I purchased two hives this year, one to replace my old bees and the other because after failing my natural instinct is to double down on my failure. I have two Warre hives made by a local guy and two packages of Russian/Carnolian bees. The first package arrived three weeks ago and the weather was dreadful even by Oregon standards, it was raining12-14 hours a day and almost all the daylight hours so feeding that group seemed like common sense since they cou!e hardly get out to forage.
The second group I am not so sure on. They have had about ten days of feeding and now it's warmish and the rain has stopped, and there certainly are flowers about, the fruit trees are I bloom and the dandelions and clover are heavy on the pasture. I also noticed this group seems more, lethargic. When I feed them than the other hive. I was giving both hives a pint a day of 1:1 syrup, and while my first hive would eat less on nicer days and forage, the second hive would eat the pint and only start heading g out after it had eaten the syrup.
So my question is With a new package now long shoulde I feed them? I think some supplementing is in order because the bees arrived when it was still cold and set with no supplies, but when to quit? I stopped Saturday and have been second guessing myself ever since.
Continue feeding as long as they have comb to build. You are probably not going to take anything from them this year. Check for eggs, larvae and good brood pattern. Adjust, checkerboard or shift, to keep them building a larger brood chamber.
I would stop feeding them if you have nectar available/coming in particularly if you installed the package on drawn comb. They will fill everything up with nectar and the queen will have no place to lay. If you've installed on foundation, you're can be more aggressive with feeding but pay close attention to what's coming in and what the bees are doing with it. Let the bees do what they are meant to do.
While bees are natural-born hoarders and will continue to store that which give them, they will prefer foraging over feed during a good nectar flow which is one way you can tell a flow is on.
Having someone local to you to run things by can be very helpful but I am not a big fan of aggressively feeding.
Last year I followed that philosophy and gave the bees a few days of feeding and let them go. Their numbers declined through the spring and they didn't really have the level of activity one would expect until July.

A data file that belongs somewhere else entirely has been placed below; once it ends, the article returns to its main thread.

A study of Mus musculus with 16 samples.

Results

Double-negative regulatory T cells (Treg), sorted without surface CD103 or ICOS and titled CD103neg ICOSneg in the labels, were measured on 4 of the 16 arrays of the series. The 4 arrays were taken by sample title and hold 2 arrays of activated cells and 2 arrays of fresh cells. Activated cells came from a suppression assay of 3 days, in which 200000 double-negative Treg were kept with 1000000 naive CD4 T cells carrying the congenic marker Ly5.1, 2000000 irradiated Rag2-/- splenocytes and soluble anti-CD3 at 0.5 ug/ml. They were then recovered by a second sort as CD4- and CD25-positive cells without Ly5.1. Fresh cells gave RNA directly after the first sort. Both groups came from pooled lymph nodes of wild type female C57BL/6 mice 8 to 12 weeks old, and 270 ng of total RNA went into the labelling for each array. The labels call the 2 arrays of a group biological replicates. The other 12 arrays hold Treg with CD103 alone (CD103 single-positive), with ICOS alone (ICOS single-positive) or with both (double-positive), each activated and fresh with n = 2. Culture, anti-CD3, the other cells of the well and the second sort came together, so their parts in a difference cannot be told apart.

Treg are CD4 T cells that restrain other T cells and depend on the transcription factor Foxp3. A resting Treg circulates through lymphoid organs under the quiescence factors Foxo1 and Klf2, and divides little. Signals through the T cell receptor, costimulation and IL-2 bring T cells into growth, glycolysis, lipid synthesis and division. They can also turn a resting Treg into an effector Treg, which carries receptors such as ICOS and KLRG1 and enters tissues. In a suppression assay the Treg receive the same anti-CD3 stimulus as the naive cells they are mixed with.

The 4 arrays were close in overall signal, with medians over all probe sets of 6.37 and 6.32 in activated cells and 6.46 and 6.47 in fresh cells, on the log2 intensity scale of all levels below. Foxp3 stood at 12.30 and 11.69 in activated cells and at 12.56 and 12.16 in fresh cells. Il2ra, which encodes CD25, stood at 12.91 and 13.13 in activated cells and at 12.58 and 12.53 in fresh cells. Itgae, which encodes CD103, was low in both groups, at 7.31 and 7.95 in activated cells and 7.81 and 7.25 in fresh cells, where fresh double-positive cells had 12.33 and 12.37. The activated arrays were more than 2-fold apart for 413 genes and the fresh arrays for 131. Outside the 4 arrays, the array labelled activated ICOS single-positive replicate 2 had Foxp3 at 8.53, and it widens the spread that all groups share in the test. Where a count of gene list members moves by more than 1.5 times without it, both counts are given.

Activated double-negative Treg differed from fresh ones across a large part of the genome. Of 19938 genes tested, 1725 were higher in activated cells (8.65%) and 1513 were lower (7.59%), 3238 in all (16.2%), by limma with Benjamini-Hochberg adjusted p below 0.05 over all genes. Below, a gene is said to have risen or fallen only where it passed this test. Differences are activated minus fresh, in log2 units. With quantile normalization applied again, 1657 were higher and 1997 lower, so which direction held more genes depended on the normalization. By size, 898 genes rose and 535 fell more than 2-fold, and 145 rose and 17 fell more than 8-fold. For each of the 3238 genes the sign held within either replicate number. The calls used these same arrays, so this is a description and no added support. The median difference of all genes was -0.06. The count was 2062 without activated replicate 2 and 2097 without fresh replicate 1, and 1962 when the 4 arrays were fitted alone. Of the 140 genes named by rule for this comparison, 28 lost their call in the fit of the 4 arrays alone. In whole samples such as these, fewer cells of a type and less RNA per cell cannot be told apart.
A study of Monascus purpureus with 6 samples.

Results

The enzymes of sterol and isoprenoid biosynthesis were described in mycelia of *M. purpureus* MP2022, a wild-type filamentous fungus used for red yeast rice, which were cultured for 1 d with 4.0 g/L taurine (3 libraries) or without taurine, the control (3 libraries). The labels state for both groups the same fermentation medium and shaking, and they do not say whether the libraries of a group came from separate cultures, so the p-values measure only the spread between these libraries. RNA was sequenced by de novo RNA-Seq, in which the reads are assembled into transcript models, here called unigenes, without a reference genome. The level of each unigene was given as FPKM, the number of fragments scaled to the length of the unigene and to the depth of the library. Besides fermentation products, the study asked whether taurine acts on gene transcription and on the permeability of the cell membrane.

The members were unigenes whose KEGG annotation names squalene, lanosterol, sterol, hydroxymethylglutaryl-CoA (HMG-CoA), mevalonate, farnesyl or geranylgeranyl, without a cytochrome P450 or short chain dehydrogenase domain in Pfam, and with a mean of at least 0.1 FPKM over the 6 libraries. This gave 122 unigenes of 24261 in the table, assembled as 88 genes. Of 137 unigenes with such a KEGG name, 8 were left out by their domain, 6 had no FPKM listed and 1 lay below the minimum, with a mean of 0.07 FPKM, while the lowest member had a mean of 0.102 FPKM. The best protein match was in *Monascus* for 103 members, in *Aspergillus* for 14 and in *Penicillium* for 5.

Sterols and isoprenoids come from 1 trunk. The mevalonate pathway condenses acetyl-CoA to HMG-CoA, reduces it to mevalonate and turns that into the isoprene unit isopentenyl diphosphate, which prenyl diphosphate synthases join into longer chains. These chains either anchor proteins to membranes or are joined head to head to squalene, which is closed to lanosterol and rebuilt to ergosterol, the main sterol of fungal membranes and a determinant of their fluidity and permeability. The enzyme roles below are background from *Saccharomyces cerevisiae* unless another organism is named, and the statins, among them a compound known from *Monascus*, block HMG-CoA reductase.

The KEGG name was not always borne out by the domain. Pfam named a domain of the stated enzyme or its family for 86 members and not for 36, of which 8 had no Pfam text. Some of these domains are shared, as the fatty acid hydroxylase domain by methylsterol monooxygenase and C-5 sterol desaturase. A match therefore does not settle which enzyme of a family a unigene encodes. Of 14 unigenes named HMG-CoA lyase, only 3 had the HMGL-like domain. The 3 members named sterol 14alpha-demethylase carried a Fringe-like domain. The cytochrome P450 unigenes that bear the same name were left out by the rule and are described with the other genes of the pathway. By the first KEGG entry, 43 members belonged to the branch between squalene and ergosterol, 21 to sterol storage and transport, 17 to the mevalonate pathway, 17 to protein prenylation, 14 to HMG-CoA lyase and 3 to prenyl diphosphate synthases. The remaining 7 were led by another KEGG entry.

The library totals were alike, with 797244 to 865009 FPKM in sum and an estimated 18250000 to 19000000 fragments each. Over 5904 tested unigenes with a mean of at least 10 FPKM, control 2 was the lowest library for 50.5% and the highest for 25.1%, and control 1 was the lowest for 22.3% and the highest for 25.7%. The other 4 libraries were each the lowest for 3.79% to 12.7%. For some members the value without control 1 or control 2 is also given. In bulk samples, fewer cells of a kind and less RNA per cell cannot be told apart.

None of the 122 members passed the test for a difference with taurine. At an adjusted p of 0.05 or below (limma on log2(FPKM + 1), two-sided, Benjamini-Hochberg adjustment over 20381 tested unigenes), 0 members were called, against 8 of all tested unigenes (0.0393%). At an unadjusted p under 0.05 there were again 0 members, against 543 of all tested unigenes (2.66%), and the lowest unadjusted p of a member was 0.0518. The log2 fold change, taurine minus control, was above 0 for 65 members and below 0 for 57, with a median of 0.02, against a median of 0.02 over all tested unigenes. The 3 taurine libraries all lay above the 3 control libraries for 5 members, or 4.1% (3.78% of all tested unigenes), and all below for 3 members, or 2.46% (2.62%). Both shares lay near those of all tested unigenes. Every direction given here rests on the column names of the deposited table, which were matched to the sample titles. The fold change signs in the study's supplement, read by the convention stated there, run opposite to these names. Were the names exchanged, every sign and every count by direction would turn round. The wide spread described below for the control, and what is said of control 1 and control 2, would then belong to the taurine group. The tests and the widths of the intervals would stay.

Thinking about things this winter, I started thinking that as I am taking a bunch of bees from California (where pretty much all the packages here come from) and dumping them in essentially an empty box as I don't have comb before the flowers are really going, I kinda owe them a few lunches.
You're talking packages, right? The population in the hive is going to drop for at least 3-4 weeks until brood starts coming in; you have to feed at least this long if not longer as there will not be enough workers/foragers to bring in enough pollen or nectar to support an expansion of the population. It also takes an awful lot of honey or syrup to draw out wax. This means you should not only feed syrup but also have a pollen patty for them as well, even though they may not necessarily use it. I would feed at least for 4-6 weeks using a feeder that puts as much feed into them as they can take, and then take a look and see if they are still drawing comb and then go to a feeder where you can slow down the amount of syrup that they can take (a jar or maybe a bucket feeder with only a few holes). If they start backfilling and crowding out the queen even a new package will swarm; my first year I had packages swarm as many as three times. They will stop drawing comb (if you're nadiring) and the queen will run out of space if you feed too heavily, but you have to give them feed until the population really takes off.
I learned the hard way. Swarms in September, believe it or not. Feed heavy at first and then slow it down.
So to update now July 1st: I fed both hives until the nectar flow was good. I could tell because the feeding went from every day a pint to everyother day all on their own. About the 1st of May. By June 15th both hives needed a third box cause they were plumb full of comb and the bees were hanging out on the door 24/7. They are both much more vigorous than last years hive that died out, but also this has been a better year for bee with much more flowers and enough rain to keep the flow going.